Remote monitoring and automated coaching from ResMed significantly improve the use of CPAP (continuous positive airway pressure therapy) for patients with obstructive sleep apnea (OSA). This is according to an independent Kaiser Permanente study at the SLEEP 2016 conference in Denver.
More than 500 patients on CPAP therapy received support, including remote, automated coaching from ResMed’s U-Sleep platform, a secure solution clinicians use to manage large groups of CPAP users “by exception” to quickly identify and support patients who need help.
Patients who received support from U-Sleep achieved Medicare-defined CPAP adherence 21% more than the average study participant over a 90-day period, without additional provider intervention.
“Anything that significantly increases CPAP use in the first 90 days is a big deal,” says Dennis Hwang, MD, a sleep specialist at Kaiser Permanente’s Fontana Medical Center and the study’s principal investigator, in a release. “That initial period is crucial for patients to embrace CPAP to treat their sleep apnea, which is linked to heart failure, atrial fibrillation, type 2 diabetes, and other serious conditions. Tools like U-Sleep hold a lot of promise for patients on CPAP and the clinicians who treat them.”
“This study is further proof of the dramatic impact remote monitoring, automated coaching, and other digital health technologies have on patients’ health,” says Raj Sodhi, ResMed’s president of healthcare informatics. “These results show great promise for the role that remote monitoring and coaching can play in helping treat a range of chronic diseases.
“ResMed is leading this space globally because of the pioneering nature of our work, and the information we get from studies like this one from Kaiser Permanente. We are improving people’s lives and advancing the practice of medicine through the work we’re doing to shape the frontier of digital health.”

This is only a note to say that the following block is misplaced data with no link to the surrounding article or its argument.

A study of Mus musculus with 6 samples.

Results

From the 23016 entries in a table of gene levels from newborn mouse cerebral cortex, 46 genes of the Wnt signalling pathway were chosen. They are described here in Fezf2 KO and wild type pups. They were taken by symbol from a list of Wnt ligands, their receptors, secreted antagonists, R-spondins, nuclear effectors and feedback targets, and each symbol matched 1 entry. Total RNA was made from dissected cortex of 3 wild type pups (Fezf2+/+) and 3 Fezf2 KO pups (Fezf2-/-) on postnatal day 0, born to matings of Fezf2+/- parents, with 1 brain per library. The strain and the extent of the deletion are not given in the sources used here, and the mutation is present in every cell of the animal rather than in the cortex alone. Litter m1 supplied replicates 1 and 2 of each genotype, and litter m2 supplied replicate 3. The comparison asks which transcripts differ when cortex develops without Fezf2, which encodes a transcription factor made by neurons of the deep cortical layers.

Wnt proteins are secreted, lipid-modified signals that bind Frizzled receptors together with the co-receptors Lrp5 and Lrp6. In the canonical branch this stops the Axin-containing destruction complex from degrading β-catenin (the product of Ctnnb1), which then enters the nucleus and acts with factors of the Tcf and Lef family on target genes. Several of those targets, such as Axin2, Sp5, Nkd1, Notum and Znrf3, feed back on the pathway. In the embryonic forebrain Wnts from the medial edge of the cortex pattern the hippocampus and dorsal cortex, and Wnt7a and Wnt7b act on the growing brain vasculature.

More than 1 million CPAP users are connected every day to ResMed’s secure, cloud-enabled platforms, including U-Sleep.
“What’s equally impressive is that these results were achieved with minimal provider intervention,” says Sodhi. “This technology directly addresses healthcare’s ‘triple aim’ of better patient care, improved population health, and lower healthcare costs: a win for patients, clinicians, and other stakeholders in the healthcare ecosystem.”
This prospective, randomized, controlled trial looked at patients referred to the Kaiser Permanente Fontana Sleep Center for suspected OSA and evaluated the impact of two telehealth mechanisms in 90-day compliance to CPAP therapy:
- OSA web-based educational program from Emmi Solutions, and
- Automated follow-up through ResMed’s U-Sleep patient management platform, which provided individualized feedback via text, e-mail and/or phone based on CPAP usage.
Of 1,455 randomized patients, 556 were prescribed AirSense 10 CPAP machines with built-in cellular communications: 129 were placed into the usual care arm, 164 into the telehealth education arm, 125 into telehealth CPAP monitoring through U-Sleep, and 138 into a combined telehealth education and CPAP monitoring arm.
The study found automated coaching through U-Sleep significantly improved 3-month CPAP use (21% relative increase) without additional provider intervention. Additionally, web-based education on its own (one of four study arms) did not cause a statistically significant impact on 3-month CPAP usage, though it did improve attendance to initial clinic evaluations, strengthening the case for technology intervention.